I was in Hawaii last week on vacation when 20th Century Fox press-screened the comic book superhero reboot Fantastic Fourso I went opening day Friday to catch up with it. I mean, despite a 10% Rotten Tomatoes score, how bad could it really be? There were about 12 people in the ArcLight Culver City theater at a 4:30 PM show, a warning sign that the ensuing belly flop of this movie at the weekend’s box office already was in progress.

So were the scathing reviews and audience disinterest deadline-review-badge-pete-hammond(only a C- CinemaScore) deserved? I always try to find some level of good in even in the worst movies, but oh hell yes, and then some. As I say in my video review (click the link above), if any good were to come out of this reported $120 million-budget bust, it might be the beginning of the end of the studios’ wholehearted endorsement of these comic book movies that somehow allowed basement-dwelling, Milk Dud-consuming fan boys to hijack the heart of the major studios. Warner Bros, which earlier this year announced 10 comic book movies for its pipeline, might want to look at the reception to this one and learn that content is everything and that no one superhero can save a genre that just thinks it can turn out any level of dreck and still get audiences to respond.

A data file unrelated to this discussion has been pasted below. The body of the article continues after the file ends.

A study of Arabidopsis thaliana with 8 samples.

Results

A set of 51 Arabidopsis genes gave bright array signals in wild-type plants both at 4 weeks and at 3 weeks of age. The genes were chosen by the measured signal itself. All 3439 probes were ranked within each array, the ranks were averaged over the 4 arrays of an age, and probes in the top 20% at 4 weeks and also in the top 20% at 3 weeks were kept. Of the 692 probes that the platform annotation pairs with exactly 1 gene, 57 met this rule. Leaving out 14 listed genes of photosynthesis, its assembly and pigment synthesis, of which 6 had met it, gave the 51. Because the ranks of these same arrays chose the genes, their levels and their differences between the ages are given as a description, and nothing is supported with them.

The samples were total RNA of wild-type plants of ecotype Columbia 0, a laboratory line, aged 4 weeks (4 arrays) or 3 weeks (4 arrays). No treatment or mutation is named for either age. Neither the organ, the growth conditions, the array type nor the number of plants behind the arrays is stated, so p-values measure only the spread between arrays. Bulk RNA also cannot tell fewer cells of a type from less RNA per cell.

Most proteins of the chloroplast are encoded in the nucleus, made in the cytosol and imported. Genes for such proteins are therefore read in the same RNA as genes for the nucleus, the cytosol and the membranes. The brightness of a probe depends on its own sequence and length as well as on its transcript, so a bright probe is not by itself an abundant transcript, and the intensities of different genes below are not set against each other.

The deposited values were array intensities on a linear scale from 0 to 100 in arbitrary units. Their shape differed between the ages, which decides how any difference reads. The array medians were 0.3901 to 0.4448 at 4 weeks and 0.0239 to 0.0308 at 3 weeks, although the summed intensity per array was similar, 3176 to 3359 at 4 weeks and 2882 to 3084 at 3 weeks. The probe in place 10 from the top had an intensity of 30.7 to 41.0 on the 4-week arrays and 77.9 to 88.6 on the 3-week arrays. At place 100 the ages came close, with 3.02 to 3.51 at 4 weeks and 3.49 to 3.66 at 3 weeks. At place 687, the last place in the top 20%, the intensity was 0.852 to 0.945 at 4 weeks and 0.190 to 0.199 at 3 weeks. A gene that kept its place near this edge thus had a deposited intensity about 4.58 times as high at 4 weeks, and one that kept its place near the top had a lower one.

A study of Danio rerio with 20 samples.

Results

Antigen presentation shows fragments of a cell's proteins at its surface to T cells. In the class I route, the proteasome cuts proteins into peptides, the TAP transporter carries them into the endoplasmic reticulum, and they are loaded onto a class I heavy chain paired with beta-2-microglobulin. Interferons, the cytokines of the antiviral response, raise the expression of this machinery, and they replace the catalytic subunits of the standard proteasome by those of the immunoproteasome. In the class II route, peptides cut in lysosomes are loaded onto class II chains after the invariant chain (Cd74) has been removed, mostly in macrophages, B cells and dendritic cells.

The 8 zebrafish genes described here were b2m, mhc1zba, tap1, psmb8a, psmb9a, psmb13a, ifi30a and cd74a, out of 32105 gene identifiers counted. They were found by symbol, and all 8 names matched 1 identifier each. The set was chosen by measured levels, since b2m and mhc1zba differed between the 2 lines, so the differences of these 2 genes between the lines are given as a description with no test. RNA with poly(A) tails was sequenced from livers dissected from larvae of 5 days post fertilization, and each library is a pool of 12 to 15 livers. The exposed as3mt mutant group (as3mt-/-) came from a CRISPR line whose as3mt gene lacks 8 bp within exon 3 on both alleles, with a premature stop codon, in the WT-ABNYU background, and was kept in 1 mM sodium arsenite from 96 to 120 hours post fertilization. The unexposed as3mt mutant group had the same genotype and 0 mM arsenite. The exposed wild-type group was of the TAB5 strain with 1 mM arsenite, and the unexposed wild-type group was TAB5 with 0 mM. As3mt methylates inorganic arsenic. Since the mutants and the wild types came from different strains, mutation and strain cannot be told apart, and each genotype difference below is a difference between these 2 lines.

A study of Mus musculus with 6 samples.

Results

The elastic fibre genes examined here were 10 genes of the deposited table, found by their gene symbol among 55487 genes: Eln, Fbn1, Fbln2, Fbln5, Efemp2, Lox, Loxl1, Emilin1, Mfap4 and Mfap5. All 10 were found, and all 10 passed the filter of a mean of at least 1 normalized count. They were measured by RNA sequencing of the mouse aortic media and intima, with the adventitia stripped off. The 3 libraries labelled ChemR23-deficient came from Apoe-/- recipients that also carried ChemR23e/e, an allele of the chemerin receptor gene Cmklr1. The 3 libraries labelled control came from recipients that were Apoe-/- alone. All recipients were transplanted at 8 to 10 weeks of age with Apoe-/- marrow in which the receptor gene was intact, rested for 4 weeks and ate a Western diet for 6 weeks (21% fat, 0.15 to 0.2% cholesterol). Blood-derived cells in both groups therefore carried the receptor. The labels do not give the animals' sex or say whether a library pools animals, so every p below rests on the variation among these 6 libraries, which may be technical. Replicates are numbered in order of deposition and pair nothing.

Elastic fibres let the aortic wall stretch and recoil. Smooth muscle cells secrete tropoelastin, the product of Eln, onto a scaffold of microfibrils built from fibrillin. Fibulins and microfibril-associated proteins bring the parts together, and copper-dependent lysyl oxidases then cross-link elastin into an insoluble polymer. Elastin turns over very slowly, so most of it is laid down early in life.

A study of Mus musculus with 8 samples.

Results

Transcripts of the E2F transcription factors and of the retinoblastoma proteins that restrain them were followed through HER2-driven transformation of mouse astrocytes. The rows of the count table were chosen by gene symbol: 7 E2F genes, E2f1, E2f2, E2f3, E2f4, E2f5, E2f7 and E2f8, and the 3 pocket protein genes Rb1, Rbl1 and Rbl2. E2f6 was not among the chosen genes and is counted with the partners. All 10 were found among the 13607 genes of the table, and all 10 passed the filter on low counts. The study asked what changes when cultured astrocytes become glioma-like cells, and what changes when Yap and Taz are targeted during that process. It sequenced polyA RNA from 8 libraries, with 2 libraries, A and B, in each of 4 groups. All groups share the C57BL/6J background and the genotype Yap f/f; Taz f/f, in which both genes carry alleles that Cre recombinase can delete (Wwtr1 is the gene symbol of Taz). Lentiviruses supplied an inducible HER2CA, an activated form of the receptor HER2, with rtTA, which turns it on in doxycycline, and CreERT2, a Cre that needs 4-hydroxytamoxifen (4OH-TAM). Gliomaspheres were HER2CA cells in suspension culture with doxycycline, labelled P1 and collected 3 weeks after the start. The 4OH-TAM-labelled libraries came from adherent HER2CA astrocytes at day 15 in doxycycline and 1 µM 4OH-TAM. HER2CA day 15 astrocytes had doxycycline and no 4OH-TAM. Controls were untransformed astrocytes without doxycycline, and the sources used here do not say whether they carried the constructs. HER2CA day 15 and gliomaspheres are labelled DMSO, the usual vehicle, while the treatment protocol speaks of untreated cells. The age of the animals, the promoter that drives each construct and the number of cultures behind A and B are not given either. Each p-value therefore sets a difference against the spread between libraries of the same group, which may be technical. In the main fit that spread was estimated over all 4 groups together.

I, for one, am sorta sick of the genre and think studios should give it a rest. But that’s me. And don’t get me wrong. I do love a Guardians Of The Galaxy or the smarts of a Captain America: The Winter Soldier, occasionally even an Ant-Man. But do we really need yet another reboot of Spider-man? Are you listening, Sony? And certainly we didn’t need another reboot or origins regurgitation of Marvel’s less-than-marvelous, not-so-Fantastic Four. At least not this one with the blurred vision of director and co-writer Josh Trank who, in a moment of astounding lack of class, Twitter-trashed his film on the eve of opening. That’s the $120 million film (not including marketing) that 20th Century Fox had the faith to entrust this 29-year-old director with, and he did that to them (his tweet was quickly removed but in cyberspace, the damage was done). As a director he had only done one of those low-budget found-footage films, Chronicle, that somehow got critical and fanboy approval, though I thought it was overrated at the time. There was much reported trouble on the set of this one, and Trank reportedly also got bounced from directing an upcoming Star Wars sequel. On the basis on his work here, Josh Trank will be going to movie jail for a very long time. And he should.

Unfortunately, Fantastic Four represents a trend of taking what might have been a good idea at one time and younging and dumbing it down to oblivion. Certainly the cast here, including Miles Teller, Michael B. Jordan, Jamie Bell, Toby Kebbell and Kate Mara, all have been imported from much smarter indie projects, for I guess what was a paycheck too good to refuse. None of them makes any kind of impression here, so I blame the director on this count too. Of course the script gives them nothing but clichéd dialogue to work with (it’s credited to Trank, Jeremy Slater and Simon Kinberg).

Do you realize you could make 140 Whiplashes for the price of this one film, Miles Teller? Or probably 240 Fruitvale Stations, Michael B. Jordan? What a waste.

Producers were Hutch Parker, Matthew Vaughn, Robert Kulzer, Gregory Goodman and Kinberg. Do you still plan to see Fantastic Four? Let us know what YOU think.